A Taiwanese woman who thought she had an eye infection had to be treated for a small infestation of bees that burrowed themselves in her tear duct.
In early April, the 29-year-old Taiwanese woman went to the Fooyin University Hospital complaining of severe pain in her eye. Upon examination, doctors were surprised to find four bees embedded in her eye, feeding on her tear ducts under her swollen eyelids. 

"I saw something that looked like insect legs, so I pulled them out under a microscope slowly, and one at a time without damaging their bodies," said the hospital's head of ophthalmology, Dr. Hung Chi-ting. 

During a press conference, they were identified as sweat bees who nest near graves and in fallen trees; the odds of encountering them while hiking in the mountains are high.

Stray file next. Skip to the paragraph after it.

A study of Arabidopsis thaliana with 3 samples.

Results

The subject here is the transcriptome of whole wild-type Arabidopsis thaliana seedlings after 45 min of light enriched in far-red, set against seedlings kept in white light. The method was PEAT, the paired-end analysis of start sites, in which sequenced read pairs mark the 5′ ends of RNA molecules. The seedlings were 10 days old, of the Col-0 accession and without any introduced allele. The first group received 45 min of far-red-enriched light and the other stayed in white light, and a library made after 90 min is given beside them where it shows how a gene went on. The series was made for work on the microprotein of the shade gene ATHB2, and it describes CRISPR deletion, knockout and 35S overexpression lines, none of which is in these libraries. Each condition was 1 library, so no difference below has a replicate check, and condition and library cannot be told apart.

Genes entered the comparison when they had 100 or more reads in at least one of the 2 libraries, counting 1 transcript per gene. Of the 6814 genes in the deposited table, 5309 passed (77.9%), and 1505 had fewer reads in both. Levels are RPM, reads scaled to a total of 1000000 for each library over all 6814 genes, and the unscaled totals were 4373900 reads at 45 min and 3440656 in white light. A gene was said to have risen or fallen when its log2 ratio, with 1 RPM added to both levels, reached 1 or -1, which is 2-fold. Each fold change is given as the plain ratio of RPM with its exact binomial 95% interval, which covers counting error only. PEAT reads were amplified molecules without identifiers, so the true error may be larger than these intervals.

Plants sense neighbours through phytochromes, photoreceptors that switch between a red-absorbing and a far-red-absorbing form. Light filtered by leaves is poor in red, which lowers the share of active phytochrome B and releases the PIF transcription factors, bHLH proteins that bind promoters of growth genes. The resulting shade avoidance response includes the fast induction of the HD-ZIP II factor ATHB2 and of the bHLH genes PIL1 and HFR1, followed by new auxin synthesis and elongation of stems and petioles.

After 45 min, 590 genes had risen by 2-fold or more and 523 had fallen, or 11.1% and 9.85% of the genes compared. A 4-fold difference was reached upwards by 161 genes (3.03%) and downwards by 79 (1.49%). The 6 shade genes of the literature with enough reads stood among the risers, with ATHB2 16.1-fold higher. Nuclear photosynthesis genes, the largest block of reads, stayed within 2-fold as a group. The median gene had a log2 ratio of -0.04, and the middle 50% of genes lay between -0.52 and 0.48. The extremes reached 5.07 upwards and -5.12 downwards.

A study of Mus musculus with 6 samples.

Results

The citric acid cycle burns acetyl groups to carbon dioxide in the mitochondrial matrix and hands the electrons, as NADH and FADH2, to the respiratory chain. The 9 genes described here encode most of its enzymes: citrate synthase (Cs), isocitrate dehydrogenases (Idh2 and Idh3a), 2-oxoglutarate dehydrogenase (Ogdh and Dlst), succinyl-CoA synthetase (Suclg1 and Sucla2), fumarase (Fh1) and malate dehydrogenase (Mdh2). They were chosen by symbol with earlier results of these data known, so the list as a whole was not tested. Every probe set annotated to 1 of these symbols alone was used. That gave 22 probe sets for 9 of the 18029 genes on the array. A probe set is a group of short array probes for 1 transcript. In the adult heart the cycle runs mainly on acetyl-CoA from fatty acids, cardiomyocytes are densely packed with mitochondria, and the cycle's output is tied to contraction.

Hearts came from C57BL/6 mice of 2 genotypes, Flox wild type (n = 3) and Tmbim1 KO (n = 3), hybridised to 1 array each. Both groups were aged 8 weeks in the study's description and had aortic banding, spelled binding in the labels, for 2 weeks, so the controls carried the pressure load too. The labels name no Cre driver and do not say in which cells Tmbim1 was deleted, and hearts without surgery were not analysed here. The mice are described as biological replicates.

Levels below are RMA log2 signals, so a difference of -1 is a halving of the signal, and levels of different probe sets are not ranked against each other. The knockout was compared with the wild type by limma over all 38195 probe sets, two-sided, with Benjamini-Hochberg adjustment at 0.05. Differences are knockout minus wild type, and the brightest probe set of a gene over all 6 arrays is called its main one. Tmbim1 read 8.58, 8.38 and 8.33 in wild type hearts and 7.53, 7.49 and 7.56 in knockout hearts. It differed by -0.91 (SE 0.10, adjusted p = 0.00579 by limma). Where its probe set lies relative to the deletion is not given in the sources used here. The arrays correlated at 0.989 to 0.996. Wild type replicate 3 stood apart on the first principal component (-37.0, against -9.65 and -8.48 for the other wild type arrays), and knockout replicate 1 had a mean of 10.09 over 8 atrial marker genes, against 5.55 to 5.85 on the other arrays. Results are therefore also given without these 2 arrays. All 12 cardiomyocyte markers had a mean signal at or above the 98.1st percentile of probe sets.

"I was visiting and tidying a relative's grave with my family. I was squatting down and pulling out weeds," the woman confirmed during the conference. She initially thought that sand or dirt had gotten into her eye and tried to flush it out with water.

However, she started experiencing a stinging pain and her eye would tear up constantly. Thankfully, she didn't rub her eyes excessively — which could have worsened the state of her inflamed cornea — or in a severe case, could have led to blindness.

During the conference, it was explained that even although sweat bees don't attack people, they are attracted to the perspiration of humans.

According to the Missouri Department of Conservation in the U.S., sweat bees — also known as Halictidae — are small but not aggressive. Instead, they're attracted to perspiration and have a tendency to land on humans to obtain moisture and salts from their sweat.